President Obama on Saturday dedicated his keynote speech at the Phoenix Awards — a banquet to culminate the 45th Annual Congressional Black Caucus Foundation’s Annual Legislative Conference — to the sacrifices Black women have historically made to advance this great nation, even without much recognition.
In a speech that called for equal pay, fair policing and criminal justice reform, Obama framed the conversation around how these injustices affect Black women specifically, noting that women of color still get paid “30 fewer cents for every dollar a White man earns.”
“We’ve got to do more than say…we’d put a woman on the ten dollar bill,” Obama said, calling the wage gap a “mockery of our economy” before declaring that, while the $10 campaign is nice, America needs to make strides to ensure that Black women are earning those same dollars.
Noting that Black women were integral in every civil rights movement, including suffrage and feminism, the president discussed his decision to highlight Black women as an effort to quiet the voices telling them they aren’t “good enough.”
“Women were the foot soldiers. They strategized boycotts. Organized marches,” he said. “All of us are the beneficiaries of a long line of strong black women who helped carry our country. It’s thanks to black women that we’ve come a long way since the days when a girl like Ruby Bridges couldn’t go to school…Black women have been a part of every great movement in American history. Even if they weren’t always given a voice.”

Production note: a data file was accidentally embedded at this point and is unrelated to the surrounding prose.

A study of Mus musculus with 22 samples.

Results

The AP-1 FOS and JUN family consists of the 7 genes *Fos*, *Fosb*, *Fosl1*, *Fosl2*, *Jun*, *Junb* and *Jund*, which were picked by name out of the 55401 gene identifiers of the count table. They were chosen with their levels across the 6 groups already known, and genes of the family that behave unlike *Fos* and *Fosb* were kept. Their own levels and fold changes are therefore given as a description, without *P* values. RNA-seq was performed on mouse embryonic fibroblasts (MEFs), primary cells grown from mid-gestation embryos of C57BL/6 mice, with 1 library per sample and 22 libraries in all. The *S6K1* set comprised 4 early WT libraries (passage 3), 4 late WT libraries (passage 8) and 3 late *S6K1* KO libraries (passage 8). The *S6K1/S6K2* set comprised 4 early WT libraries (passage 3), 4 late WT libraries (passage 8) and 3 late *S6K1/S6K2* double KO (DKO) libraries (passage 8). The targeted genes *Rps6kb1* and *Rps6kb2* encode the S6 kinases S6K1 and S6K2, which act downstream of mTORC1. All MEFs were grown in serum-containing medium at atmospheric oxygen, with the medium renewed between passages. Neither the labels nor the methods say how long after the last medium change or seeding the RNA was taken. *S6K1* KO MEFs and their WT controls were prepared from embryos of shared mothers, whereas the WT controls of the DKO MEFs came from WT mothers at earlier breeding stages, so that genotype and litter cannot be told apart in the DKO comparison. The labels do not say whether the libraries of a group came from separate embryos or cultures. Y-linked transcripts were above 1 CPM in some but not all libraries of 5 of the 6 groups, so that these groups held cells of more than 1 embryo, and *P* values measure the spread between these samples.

“I’m focusing on women tonight because I want them to know how much we appreciate them, how much we admire them, how much we love them,” he added.
But with praise came an acknowledgement that poverty, inequalities in the justice system and a large wage gap affect women of color at disproportionate rates. And in an unprecedented move as a sitting president, Obama made a clear delineation to explain how the sexual assault of Black women and girls often fuels the prison pipeline, stating that “the incarceration rate for Black women is twice as high as the rate for White women.”
Here, NewsOne has gathered some of the president’s most powerful statements on the empowerment and celebration of Black women.
The CBCF’s Annual Legislative Conference gathers members of the Congressional Black Caucus and others interested in politics and policy to Washington, D.C. each year for several days of meetings, panel discussions, and celebrations. The anticipated Phoenix Award’s was created to celebrate the accomplishments of those working to uplift the African-American community.
Stay tuned to NewsOne.com for more exclusive videos featuring interviews with representatives, celebrities and activists about the Black Lives Matter movement, economic empowerment, policy change, education and the school to prison pipeline.